3 Ways Predictive Analytics Can Improve Learner Outcomes.

June 11, 2021

By: Andrea Bonner

Reading Time: 2.8

It’s common to have trouble getting actionable insights from your organization’s data. That’s because much of the data you likely are looking at in your day-to-day operations is descriptive; it shows you what has already happened in the past. Think test scores, attendance records, and surveys. The problem is, you can’t change what’s already happened. That’s where predictive analytics come in.

Instead of showing past performance, predictive analytics gives you a glimpse into the future. They show you what’s likely to happen based on the historical data you already own. The way predictive analytics work can be complex—incorporating machine learning, statistical analysis, and algorithms. However, the practical ways predictive analytics improve student outcomes are unmistakable.

Improve Graduation Rates

Attention is often focused on students who are already failing. Predictive analytics makes it easier to identify students who are at-risk of failing before it happens; giving educators a better chance of catching them in the learning process and changing that outcome.

One oft-cited example is Georgia State, where predictive analytics have been used to improve graduation numbers since 2011. Predictive data revealed that students who graduated from the nursing program typically earned a B or better in introductory English, whereas those earning a B- often dropped out of the program down the line. This encouraged the school to identify and reach out to nursing students likely to perform poorly in the nursing program; intervening by steering them in a different direction to a program where they were more likely to succeed. Read more about how the Panthers have increased graduation numbers in the last decade.

Decrease Educator Turnover

There is a body of research showing that a high rate of teacher turnover negatively affects student achievements. Plus, high turnover can signal other issues within an educational system that is perceived to correlate with lower student achievement. Educational institutions can learn from for-profit businesses that use predictive analytics to identify teachers who are considering resigning, before it’s too late. Data can’t reveal how a specific teacher feels about their job, but predictive analytics can identify unique markers that signify whether an employee is at risk of leaving. For example, a 2018 study found that schedule flexibility, number of students, and affective commitment to the organisation are a few of the predictors of online teachers’ likelihood of turnover.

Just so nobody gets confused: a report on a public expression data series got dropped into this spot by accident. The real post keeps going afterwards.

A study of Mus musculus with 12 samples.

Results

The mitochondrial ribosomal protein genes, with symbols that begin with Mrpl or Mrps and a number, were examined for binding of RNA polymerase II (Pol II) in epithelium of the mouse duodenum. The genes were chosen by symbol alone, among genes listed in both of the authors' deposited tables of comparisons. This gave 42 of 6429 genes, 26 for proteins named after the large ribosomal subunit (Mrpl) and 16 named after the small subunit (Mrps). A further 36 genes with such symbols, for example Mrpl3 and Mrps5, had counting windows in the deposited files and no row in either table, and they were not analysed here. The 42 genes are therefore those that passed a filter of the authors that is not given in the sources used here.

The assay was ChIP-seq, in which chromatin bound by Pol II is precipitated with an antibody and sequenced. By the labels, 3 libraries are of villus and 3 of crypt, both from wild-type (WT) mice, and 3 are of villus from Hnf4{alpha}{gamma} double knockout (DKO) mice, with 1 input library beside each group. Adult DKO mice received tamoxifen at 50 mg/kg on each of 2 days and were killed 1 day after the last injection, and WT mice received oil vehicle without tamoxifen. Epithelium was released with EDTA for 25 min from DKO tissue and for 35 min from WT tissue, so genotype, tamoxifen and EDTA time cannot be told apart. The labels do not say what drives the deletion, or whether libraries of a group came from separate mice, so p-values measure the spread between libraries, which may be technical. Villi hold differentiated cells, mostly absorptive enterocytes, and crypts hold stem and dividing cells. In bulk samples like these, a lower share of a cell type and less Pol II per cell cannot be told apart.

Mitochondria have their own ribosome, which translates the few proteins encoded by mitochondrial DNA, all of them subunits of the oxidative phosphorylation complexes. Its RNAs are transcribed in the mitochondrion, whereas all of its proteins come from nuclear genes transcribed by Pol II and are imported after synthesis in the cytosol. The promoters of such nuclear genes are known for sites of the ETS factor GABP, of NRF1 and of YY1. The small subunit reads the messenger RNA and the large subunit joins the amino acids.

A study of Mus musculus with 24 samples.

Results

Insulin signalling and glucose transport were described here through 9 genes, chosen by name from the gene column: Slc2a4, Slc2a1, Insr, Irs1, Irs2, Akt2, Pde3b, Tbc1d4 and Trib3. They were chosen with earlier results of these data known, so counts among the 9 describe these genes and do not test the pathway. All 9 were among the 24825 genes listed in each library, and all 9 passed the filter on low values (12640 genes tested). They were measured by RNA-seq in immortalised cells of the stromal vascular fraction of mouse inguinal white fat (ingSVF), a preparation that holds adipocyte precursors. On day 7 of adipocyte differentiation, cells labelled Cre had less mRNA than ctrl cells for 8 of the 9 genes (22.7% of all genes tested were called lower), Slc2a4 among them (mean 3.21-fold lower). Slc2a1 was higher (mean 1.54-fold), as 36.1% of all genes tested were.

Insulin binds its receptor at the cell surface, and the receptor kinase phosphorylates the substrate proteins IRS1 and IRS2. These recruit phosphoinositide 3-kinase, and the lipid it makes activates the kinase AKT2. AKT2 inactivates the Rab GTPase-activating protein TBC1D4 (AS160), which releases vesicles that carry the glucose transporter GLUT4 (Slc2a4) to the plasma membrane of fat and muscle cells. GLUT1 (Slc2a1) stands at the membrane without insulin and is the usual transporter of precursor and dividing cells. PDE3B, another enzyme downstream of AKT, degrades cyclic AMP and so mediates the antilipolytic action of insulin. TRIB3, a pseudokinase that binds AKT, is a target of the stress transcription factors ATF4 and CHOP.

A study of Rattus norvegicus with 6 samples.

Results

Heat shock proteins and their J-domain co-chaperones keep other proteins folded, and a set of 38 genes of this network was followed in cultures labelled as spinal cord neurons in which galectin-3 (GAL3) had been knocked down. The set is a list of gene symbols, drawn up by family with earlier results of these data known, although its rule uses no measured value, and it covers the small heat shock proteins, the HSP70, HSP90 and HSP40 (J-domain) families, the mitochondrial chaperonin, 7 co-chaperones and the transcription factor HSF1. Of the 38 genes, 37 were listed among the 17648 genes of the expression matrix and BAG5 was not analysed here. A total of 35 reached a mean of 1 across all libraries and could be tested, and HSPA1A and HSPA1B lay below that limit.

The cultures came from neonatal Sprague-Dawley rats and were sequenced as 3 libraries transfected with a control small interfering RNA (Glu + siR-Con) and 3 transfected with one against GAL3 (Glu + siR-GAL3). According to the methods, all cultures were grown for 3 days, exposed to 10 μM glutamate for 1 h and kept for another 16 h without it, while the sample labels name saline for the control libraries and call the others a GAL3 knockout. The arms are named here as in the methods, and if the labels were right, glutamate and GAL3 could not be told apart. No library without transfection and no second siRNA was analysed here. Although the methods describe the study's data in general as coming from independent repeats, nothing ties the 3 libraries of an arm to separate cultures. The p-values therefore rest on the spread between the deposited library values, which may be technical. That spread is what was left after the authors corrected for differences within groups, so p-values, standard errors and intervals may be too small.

What about satisfaction surveys, won’t those identify dissatisfied teachers? In short, no. Again, surveys are descriptive, they tell you what’s already happened. That’s also if the surveyed employee is completely honest, which isn’t always the case.

Increase Student Retention

Students can’t achieve better outcomes if they fail to actually stay in school. Higher Education institutions lose up to a third of enrollees due to “summer melt”— the phenomenon of students set to attend college upon high school graduation but who never actually enroll and make it on campus in the fall. Predictive analytics can help identify students most likely to fall victim to summer melt and enable educational institutions to adapt accordingly. The Florida Institute of Technology for example used predictive analytics to better target their recruitment and marketing, while Taylor University in Upland, Ind. used predictive analytics to determine what students were most likely to enroll once accepted, and focused their incoming student efforts on those more likely to actually be able to join the student body.


Ann McGuire is an experienced marketer with more than 20 years creating content, marketing communications programs, and strategies for tech firms. She reads, writes, and lives in New Haven, CT with her husband and two needy cats.